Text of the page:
A recent by the University of Alaska Anchorage study shows a positive trend at Karluk Manor, which opened its doors nearly two years ago to chronic inebriates.
Earlier this week, the Institute for Circumpolar Health Studies at UAA released preliminary findings of the program that has drawn plenty of criticism from nearby Fairview residents. Karluk Manor has primarily used a “housing first” model, which has provided stable housing for homeless alcoholics.
"It's not surprising to us, but it's still tremendously gratifying that we're seeing the results from the excellent care that is provided," said Melinda Freemon, RurAL CAP.
After almost two years, Freemon says residents at Karluk Manor have not only reduced their alcohol use by more than 35-percent, but are also reconnecting with family, taking advantage of health care options and joining the work force.
"They actually have began to integrate into the community and have goals that perhaps when they were living on the streets they would not have been able to do," Freemon said.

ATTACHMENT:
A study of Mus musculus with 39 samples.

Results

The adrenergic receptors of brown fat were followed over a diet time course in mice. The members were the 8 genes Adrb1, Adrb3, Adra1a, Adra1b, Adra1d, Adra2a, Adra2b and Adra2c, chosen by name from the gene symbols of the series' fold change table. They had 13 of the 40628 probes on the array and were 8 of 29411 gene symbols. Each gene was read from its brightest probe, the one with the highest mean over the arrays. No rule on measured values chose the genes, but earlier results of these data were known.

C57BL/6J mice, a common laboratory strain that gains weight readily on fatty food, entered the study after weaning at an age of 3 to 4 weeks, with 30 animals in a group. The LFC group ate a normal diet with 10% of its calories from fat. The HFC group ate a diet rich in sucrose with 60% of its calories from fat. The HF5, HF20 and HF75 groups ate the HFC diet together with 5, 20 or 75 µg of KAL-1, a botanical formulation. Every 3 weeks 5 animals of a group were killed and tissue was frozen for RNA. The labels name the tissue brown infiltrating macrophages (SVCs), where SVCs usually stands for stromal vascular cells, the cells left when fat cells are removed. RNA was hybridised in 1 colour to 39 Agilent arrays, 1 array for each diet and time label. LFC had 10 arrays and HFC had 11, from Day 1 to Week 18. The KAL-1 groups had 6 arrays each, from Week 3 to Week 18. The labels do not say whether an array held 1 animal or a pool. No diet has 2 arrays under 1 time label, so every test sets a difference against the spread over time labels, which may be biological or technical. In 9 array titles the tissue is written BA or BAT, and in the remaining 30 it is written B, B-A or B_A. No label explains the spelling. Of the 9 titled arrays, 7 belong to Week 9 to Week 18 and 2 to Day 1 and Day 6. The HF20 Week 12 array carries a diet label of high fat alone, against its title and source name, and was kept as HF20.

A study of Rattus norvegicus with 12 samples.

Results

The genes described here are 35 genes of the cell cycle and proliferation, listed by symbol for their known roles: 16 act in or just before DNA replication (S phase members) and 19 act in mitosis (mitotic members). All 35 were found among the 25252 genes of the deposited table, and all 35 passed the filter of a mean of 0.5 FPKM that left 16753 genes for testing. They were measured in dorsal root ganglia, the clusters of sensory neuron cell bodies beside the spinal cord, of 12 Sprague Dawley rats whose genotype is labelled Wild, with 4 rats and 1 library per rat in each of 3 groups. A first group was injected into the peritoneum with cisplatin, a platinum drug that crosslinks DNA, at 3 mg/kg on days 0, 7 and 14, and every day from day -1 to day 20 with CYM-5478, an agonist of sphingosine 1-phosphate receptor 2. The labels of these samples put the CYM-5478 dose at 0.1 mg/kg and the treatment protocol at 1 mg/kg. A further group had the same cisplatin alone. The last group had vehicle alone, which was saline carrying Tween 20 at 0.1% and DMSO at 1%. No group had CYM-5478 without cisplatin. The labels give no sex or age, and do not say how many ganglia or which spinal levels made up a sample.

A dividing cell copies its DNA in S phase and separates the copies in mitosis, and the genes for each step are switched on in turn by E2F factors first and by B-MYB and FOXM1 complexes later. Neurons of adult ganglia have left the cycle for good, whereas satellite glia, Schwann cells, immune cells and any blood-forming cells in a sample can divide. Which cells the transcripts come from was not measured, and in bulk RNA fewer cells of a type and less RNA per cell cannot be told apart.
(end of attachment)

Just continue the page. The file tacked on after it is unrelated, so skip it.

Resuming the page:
Despite the positive developments shown by UAA's recent study, some community members still have questions and concerns surrounding this contentious issue.
"What we didn't know going into this was what would the impact be on the community because evaluations of these sorts of projects don't ever include that component," said Sharon Chamard, Fairview City Council. "How does it affect the person that owns a business across the street? How does it affect children who use a neighboring park and so on, and we still don't know that from this evaluation."
The results of the recent UAA study are preliminary, with the completed results expected to be made available after Karluk Manor’s two year anniversary in December 2011.